Captain Kangaroo's new mission is to tell today's parents that play's the thing

October 12, 1994|By John Barry | John Barry,Knight-Ridder News Service

The generation that Captain Kangaroo taught self-respect and empathy has let the big guy down.

Thirty-nine years after Bob Keeshan brought his famous gentle whimsy to CBS -- imparting values of trust and mutual caring and affection through his associations with Bunny Rabbit and Mr. Green Jeans -- the Captain is shocked at how things have turned out. The generation he nurtured has not done nearly as well by its own progeny.

In much the same terms expressed lately by disheartened baby-care guru Dr. Benjamin Spock, Mr. Keeshan says he sees American children as worse off today than they were when he debuted as Captain Kangaroo in 1955. They're beset by eroding family unity, a latchkey lifestyle and, yes, too much TV, he says.

"These are worse conditions for children than at any other time in this century," says Mr. Keeshan, 67, in a voice uncharacteristically edged with anger.

So these days, Captain Kangaroo is speaking less to children and more to their parents, trying to reawaken what he calls "forgotten secrets -- the secrets of guiding children through childhood."

At the same time, advanced research into development of the brain during early childhood is confirming that the Captain was right all along -- such simple concepts as play are crucial to the intellectual and emotional growth of children, especially in the years between birth and kindergarten.

And many of society's ills, from domestic abuse to illiteracy to teen-age pregnancies, are being attributed to the absence of elemental nurturing techniques in the stressed family structure.

Mr. Keeshan's "Captain Kangaroo," which ran for 30 years on CBS-TV and another six seasons on public television, went off the air in 1991.

He now lives in Vermont and runs a company called Corporate Child Care, which operates 49 on-site day-care centers for businesses.

The centers practice his philosophy of "developmental day care" -- day care that aims to help children thrive emotionally and intellectually.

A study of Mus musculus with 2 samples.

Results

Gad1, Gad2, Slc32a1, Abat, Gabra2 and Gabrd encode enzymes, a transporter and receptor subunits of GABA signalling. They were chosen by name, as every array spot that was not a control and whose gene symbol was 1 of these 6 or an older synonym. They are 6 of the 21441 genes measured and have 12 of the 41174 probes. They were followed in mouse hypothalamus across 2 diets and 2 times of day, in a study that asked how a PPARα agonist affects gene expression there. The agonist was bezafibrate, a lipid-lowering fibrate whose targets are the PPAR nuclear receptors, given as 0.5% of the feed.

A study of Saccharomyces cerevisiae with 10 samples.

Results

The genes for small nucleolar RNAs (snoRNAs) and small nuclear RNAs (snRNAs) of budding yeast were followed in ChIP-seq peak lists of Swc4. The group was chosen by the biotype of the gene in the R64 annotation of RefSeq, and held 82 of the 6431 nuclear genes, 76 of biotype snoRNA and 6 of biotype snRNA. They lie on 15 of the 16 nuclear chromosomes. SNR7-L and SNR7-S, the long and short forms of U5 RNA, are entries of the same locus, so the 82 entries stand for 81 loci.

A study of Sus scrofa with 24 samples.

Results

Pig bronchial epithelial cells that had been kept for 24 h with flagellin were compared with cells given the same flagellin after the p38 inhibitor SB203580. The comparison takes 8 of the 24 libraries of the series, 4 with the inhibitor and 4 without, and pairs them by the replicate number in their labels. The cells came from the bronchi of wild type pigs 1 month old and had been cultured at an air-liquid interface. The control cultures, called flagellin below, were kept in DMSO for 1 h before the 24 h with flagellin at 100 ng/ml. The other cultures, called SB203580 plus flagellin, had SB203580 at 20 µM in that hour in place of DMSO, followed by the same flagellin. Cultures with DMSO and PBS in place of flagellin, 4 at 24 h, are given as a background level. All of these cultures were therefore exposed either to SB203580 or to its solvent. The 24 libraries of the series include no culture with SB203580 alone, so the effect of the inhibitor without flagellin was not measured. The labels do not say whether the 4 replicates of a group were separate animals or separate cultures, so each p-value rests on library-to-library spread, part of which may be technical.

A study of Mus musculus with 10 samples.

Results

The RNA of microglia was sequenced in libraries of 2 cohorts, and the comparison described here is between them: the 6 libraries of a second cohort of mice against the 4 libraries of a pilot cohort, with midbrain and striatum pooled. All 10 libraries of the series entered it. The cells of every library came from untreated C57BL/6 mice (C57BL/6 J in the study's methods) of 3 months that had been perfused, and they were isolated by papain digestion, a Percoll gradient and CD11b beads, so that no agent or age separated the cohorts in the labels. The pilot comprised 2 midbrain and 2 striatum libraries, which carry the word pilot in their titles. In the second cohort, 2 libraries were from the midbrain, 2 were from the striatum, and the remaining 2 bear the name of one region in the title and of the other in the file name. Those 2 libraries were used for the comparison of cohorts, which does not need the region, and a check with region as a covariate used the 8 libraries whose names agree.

But today, he personally imparts his message on child-rearing mostly through books. His latest is just out -- "Family Fun Activity Book" (Deaconess Press, $12.95).

It's a book, he says, that probably wouldn't have been needed 30 years ago. Certainly, he adds, his own mother wouldn't have needed it.

But he often encounters parents eager to spend more time with their kids, but not quite sure what to do with them. Many skills that comprised "instinctive parenting" several decades ago have been lost to today's busy, two-career families.

Thus, Mr. Keeshan calls "Family Fun" a reference book "of games and activities that haven't been passed on to a lot of today's parents."

At the suggestion of his close friend and fellow children's icon, Fred Rogers of "Mr. Rogers' Neighborhood", Mr. Keeshan has grouped the activities by appropriate ages. They all seem mere play, but contain developmental goals important for all children.

"The object of these activities and projects is not to build monuments, but to build character and self-esteem," he says. "They demand the participation of the child, and are therefore the most ideal kind of toy."

Some examples:

* Bonker Bubbles (age 3): Involves a homemade bubble mix of detergent and corn syrup, and bubble makers made from funnels, strainers and other kitchenware. Developmentally, it aims to teach a small child how different ingredients, mixed together, make a new substance, and to enhance imagination and creativity.

* Balloony Spoony Race (age 6): Involves a relay race with balloons balanced on spoons. Developmentally, it stimulates both fine and major motor muscles and aims to teach cooperation in reaching a goal.

* Family Shield (age 8): Involves the child's drawing a coat of arms and decorating it with pictures that symbolize the family. Developmentally, its goal is to instill a sense of belonging and create an opening for discussion of family history and cultural identity.

The projects include such things as rudimentary experiments in gravity and jet propulsion, using balloons and other common household items. The underlying objectives, though, are very much non-academic.

"The one thing that children need above all else is a reasonable amount of our time: time for the building of a relationship, the building of self- esteem, the giving of values, the creation of character," Mr. Keeshan says. "These may seem like rather heavy and serious objectives, and they are. But they can be done in small, incremental ways -- the ways that come from spending time, doing whatever, with a child."

Mr. Keeshan, who is a director for the National Committee for Prevention of Child Abuse, has completed a draft of his next book under the working title "It's Your Attitude." The book will be one of a series based on the premise that children should be respected by parents as "intelligent individuals, rather than as // property."

Mr. Keeshan believes that the notion of children as property -- "a concept rooted in our culture" -- is among the underlying causes of child abuse. But, he says, his ultimate goal through his writings is as simple as the principle that guided his old show.

"When I meet parents who grew up with the program, they say to me, 'You were always a good friend. You made me feel good.'"

He wants those fans to hear the same words from their own kids.